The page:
Marjorie writes: Somebody at work was going on about how information is now going to be stored in clouds. I’m not a total idiot so I realize he did not mean the fluffy white cumulus kind. But I’m enough of an idiot to not really know what this is all about.
Dear Marjorie: Don’t worry—you’re not an idiot. If anything, I should be wearing the dunce cap for not taking a breath and explaining this whole “cloud” thing.
So, here’s the thing. You’ve got your computer on your desk, right? The one with all your files on it, your programs (like Microsoft Word and Excel), your music player (maybe iTunes or Windows Media Player), and your systems files (all the behind-the-scenes stuff that makes Windows and the Mac operating systems do what they do).
All those files are sitting on the hard drive in your system—and we call them “local” files because they’re stored, well, locally. If your Internet connection conks out, you can still open all your local Word documents, music tracks, and photos, because they’re right there in your Mac or PC. Nice—but on the other hand, if you’re working at your office PC and you want to open a specific Word file that’s sitting on your desktop back at home … you’re out of luck.
OK, so that’s the “local” side of the equation. At the opposite end, we’ve got “remote” files—that is, files that are stored not on the PC right in front of you, but on a remote server that’s hundreds or even thousands of miles away. (Don’t worry—we’ve almost reached the “cloud.”)
Now, Marjorie, you probably deal with remote servers all the time without even realizing it. Do you use, say, Gmail or Yahoo! Mail—and do you open and write your email messages from inside a web browser? If so, all those messages you’re sorting through are sitting on a remote server somewhere … or as we say in the industry, they’re up “in the cloud.”
What’s the advantage of having your email in the cloud? Simple: you can access your messages from any web browser (be it on you PC or phone), whether you’re at home, in the office, or at an Internet cafe. And we’re not just talking email, either. Google, for example, lets you store and even edit Word, Excel, and PowerPoint documents online (with Google Docs), while Apple is getting ready to stream your entire music collection from the cloud with its “iCloud” music service.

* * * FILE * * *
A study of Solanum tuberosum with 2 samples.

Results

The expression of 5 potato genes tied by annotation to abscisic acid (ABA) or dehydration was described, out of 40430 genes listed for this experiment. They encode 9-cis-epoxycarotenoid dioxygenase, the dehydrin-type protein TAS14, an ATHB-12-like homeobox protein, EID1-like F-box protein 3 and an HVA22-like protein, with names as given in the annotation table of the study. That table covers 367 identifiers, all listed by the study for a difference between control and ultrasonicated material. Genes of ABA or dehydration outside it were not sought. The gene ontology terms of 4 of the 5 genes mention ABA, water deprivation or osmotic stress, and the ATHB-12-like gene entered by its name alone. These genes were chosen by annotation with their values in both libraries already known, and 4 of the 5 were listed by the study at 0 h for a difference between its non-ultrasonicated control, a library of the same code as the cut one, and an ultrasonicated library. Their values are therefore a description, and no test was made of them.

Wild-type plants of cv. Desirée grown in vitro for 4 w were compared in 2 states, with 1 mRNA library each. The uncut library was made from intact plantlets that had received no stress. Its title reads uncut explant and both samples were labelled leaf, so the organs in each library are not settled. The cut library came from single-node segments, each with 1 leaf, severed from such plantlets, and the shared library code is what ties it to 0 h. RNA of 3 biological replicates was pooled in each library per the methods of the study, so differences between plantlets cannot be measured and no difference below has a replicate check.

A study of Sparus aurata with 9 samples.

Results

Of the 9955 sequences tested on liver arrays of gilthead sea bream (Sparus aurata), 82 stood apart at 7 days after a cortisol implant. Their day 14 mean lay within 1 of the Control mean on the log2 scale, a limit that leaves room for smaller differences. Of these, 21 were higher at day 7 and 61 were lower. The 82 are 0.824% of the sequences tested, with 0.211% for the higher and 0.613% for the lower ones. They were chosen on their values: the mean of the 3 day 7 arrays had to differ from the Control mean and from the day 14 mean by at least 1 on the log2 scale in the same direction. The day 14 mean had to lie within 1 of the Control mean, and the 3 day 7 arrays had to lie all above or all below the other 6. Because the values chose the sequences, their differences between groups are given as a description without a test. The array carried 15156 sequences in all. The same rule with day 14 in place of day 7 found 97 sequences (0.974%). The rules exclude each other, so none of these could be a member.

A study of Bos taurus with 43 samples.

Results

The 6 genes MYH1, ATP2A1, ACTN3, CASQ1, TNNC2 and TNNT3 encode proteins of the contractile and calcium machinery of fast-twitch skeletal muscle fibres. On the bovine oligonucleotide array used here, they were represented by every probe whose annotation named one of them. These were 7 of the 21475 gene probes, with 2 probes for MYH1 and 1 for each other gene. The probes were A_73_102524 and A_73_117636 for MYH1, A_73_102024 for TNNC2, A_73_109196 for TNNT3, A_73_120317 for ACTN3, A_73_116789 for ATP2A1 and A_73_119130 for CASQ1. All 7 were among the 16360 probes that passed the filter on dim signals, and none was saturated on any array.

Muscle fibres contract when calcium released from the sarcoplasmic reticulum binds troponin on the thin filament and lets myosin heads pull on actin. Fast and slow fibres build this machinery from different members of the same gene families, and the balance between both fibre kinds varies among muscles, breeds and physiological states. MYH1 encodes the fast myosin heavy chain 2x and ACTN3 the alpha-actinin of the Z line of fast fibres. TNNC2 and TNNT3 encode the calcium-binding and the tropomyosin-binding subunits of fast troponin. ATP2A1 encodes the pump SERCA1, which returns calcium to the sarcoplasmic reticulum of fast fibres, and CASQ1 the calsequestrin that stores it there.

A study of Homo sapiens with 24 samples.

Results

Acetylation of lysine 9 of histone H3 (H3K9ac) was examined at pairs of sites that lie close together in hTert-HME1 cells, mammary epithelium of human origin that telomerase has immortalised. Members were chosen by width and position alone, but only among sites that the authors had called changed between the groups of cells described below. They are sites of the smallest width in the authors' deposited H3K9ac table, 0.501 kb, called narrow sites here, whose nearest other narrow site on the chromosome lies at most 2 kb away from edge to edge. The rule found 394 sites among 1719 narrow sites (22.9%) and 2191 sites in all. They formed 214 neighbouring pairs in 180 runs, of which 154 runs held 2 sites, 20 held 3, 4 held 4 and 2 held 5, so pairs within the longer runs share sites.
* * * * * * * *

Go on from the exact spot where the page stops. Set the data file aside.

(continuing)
Convenient, right? But here’s the thing when it comes the “cloud” (or two things, to be precise):
Number one: You must have an Internet connection to get to your cloud-based email or files. If your home Internet connection conks out and you don’t have your remote, “cloud”-based files stored on a “local” computer, you won’t be able to access them.
Number two: If the “cloud” service you’re using goes on the blink—for example, if someone pulls the plug on Google’s servers, or Apple’s iCloud goes dark thanks to a traffic jam of eager music lovers—you may find yourself unable to access your cloud-based documents, even if your Internet connection is up and running.
Alright, so does that mean that a “local” computer is a safer place for your files and email than the cloud? Well, not necessarily; there’s always a chance that hard drive in your Mac or PC will give up the ghost (and hey, it happens)—in which case, you’ll be pretty happy to have kept at least some of your files safe in the cloud.
So yes—when we talk about the “cloud,” we’re referring to far-flung server warehouses somewhere, all humming away with copies of your files that you can access from anywhere…so long as the servers are happy and you’ve got access to the Internet.
Meanwhile, “local” files are sitting right there on your desktop, laptop, or phone, and you can open them even without an Internet connection—but if your local files are at home and you’re elsewhere, you won’t be able to get to them.
Make sense? Have more questions about the “cloud”? (C’mon, I know you do.) Let me know!